Christopher (Chris) Chadbourne is an architect and photographer. He was diagnosed with Parkinson's disease in 2008.
Chris attended the University of California receiving a B. Architecture degree in 1966 and received a Master of Architecture degree from Louis Kahn at the University of Pennsylvania in 1967. He worked in Harlem as an urban planner/designer during the Model Cities program and joined the Lindsay Administration in NYC as a Director of the Planning Department in 1971. He opened his own architecture and urban design firm in 1976 while teaching in the Graduate Schools of Design at Columbia, Princeton and Harvard for a decade.
In 1990, fascinated by the seemingly forgotten power of stories to facilitate learning, he changed the focus of his firm to museum exhibit design. Its emphasis on storytelling, personal relevance and the creative use of media established it as one of the premier firms in the United States, setting attendance records at the Smithsonian National Museum of American History and Chicago's Museum of Science & Industry.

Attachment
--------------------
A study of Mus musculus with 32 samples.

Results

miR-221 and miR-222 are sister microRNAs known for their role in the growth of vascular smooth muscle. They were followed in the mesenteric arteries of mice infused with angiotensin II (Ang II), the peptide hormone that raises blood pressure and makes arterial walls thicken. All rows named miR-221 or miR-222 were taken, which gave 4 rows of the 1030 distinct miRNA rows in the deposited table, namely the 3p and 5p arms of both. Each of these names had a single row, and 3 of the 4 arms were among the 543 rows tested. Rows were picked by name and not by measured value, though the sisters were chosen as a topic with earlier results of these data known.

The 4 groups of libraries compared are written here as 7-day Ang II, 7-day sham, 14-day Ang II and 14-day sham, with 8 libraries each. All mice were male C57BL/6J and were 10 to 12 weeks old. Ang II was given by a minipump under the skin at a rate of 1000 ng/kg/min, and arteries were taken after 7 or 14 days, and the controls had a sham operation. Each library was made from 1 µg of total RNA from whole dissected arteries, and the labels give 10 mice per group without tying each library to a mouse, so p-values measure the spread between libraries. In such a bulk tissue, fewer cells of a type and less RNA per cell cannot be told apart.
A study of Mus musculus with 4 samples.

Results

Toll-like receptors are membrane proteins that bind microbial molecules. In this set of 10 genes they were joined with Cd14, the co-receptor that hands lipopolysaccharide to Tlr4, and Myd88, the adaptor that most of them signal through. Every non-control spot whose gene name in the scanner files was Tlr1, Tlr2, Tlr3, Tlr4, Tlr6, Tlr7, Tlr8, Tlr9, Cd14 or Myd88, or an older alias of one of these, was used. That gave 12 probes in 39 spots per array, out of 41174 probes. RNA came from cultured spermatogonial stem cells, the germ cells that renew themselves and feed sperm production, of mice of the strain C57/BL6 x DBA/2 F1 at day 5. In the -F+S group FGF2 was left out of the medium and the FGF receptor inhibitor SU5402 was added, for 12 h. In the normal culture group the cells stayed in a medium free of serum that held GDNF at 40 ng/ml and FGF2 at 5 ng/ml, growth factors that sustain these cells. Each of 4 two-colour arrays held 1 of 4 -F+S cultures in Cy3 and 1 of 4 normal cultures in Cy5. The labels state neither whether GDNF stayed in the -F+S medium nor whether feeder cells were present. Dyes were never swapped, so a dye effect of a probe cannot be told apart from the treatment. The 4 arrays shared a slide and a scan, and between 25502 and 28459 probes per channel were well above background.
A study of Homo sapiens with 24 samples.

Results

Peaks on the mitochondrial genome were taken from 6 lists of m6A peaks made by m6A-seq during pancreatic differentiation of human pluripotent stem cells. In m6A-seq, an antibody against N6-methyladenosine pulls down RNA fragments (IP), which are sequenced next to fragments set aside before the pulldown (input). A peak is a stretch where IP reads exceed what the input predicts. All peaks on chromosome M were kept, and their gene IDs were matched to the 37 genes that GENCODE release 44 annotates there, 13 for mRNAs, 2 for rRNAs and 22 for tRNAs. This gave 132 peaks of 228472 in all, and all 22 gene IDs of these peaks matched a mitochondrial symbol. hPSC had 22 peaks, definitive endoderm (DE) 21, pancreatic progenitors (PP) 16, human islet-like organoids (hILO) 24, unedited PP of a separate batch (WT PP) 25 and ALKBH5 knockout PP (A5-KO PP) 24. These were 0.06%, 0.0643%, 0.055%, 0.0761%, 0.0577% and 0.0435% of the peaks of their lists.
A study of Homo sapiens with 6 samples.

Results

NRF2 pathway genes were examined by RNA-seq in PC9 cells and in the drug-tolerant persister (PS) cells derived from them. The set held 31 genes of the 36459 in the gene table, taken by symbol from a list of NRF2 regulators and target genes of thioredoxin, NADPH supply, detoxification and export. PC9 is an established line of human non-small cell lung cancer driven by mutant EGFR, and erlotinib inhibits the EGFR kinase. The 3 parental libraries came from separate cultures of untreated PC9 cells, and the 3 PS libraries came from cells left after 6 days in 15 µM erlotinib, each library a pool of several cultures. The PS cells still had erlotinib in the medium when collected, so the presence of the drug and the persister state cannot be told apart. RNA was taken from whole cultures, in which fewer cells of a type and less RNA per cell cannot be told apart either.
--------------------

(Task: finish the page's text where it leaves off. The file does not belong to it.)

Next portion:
After his diagnosis, he gradually left his firm to return to his youthful passion of photography. His work has been shown at galleries and museums in NYC and Boston and his series," STATE FAIR: The Last Living Munchkin from the Wizard of Oz and Other Stories," will appear in solo shows in museums in Boston and Las Vegas in 2016, with plans to tour the United States and Europe.
Chris and his wife Felicia believe deeply in the work being done by MJFF and hope that their knowledge of media and communication in informal learning environments and their connections within the industry can help support the Foundation.
The MJFF Patient Council was established in March 2009 as a formal channel for the Foundation to solicit input from PD patients and the broader Parkinson's community. The Council advises the Foundation on programmatic fronts including (but not limited to) strategies to best convey patient priorities to the research community and its funders; content and emphasis for patient education and outreach relevant to MJFF's mission to find a cure; patient roles in developing novel ways to conduct research; and mechanisms for impact assessment.